Museum Celebrates Fourth Commencement
by AMNH on
On Monday, the American Museum of Natural History’s Richard Gilder Graduate School held its fourth graduation ceremony under the iconic blue whale in the Milstein Hall of Ocean Life for five recipients of the Ph.D.-degree in Comparative Biology and 15 recipients of the Master of Arts in Teaching (MAT) degree.
In addition to the graduating students, the ceremony included the conferral of two honorary degrees. U.S. Secretary of Education John B. King, Jr.,—who had presided over the conferral of the MAT degrees at the school’s first commencement ceremony in 2013, when he was serving as New York State Education Commissioner—was awarded the Doctor of Humane Letters honoris causa in recognition of his efforts to promote educational advancement.
"I want to celebrate, in particular, the Museum’s commitment to issues of equity,” King told the graduating class. "When we look across the STEM fields, we have to acknowledge as a country that we see an artifact of our inequities—we see that too often, low-income students and students of color do not have access to rich opportunities in the sciences. This program is about changing that reality."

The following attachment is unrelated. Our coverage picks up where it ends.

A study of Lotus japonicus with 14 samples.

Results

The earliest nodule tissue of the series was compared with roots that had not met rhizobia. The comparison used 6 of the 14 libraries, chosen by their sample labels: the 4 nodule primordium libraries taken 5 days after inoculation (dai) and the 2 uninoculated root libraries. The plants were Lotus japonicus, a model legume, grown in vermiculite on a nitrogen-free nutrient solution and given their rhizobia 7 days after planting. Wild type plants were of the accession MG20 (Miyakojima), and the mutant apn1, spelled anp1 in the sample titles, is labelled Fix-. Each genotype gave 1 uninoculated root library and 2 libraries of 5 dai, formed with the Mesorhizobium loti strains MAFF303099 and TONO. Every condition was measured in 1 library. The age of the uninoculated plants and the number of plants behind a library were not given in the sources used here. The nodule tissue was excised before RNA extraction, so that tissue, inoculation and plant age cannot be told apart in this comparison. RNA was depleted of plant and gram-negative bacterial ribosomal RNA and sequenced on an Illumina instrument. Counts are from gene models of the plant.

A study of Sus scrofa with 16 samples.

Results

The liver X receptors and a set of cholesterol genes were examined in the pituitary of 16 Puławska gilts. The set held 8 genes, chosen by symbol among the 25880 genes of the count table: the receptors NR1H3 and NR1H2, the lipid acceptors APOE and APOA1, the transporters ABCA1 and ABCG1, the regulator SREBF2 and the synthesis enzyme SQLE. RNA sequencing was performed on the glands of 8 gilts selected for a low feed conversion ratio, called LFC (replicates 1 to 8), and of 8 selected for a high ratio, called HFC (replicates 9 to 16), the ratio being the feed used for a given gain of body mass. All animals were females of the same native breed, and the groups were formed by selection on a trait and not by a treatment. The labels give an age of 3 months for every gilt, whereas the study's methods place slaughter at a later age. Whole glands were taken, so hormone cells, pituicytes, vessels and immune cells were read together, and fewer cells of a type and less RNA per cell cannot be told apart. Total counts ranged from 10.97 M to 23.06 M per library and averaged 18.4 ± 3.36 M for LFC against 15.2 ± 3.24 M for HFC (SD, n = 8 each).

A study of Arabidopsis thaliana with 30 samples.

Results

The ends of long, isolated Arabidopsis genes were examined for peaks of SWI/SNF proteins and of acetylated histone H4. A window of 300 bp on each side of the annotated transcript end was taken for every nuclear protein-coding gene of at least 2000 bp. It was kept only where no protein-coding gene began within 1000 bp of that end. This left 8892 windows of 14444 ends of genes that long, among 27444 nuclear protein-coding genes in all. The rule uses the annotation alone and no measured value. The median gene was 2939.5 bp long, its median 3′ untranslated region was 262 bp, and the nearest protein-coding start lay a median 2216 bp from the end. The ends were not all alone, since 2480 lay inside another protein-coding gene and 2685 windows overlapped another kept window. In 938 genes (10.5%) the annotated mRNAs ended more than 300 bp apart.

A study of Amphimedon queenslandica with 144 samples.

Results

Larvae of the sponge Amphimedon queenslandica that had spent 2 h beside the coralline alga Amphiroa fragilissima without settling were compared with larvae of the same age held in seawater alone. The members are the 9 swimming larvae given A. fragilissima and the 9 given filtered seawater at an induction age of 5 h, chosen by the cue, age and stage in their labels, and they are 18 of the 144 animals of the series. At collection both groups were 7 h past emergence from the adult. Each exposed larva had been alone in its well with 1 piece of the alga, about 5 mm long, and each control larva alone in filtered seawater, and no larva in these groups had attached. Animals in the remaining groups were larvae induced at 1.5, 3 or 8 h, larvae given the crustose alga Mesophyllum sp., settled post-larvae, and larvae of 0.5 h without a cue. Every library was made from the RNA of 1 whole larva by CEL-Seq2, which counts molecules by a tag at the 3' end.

In a historic first, Cuban biologist Gilberto Silva Taboada—a world-renowned expert on Caribbean mammals who has collaborated with Museum scientists for decades and is curator emeritus at the Cuban National Museum of Natural History—received the Doctor of Science degree honoris causa in recognition of his distinguished career and extraordinary contributions to science.
"I am now approaching my 90th birthday, and have been studying Cuban mammals for over 60 years,” Silva Taboada said at the commencement, adding that he saw the recognition as part of “an enduring link between many American and Cuban naturalists.”
Earlier this year, the Museum signed a formal Memorandum of Understanding with the Cuban National Museum of Natural History to collaborate on research, exhibitions, and education. The first effort under this collaboration is the presentation of the bilingual exhibition ¡Cuba!, which is opening November 21.
This year’s Ph.D. graduates studied with Museum scientists to carry out extraordinary research on a wide variety of subjects, including parasitic wasps, the respiratory systems of birds and dinosaurs, biodiversity in frogs, and much more. Their degree conferrals bring the number of Museum Ph.D. graduates to 20.
The 15 MAT graduates join 50 alumni of the program already teaching Earth science in New York schools.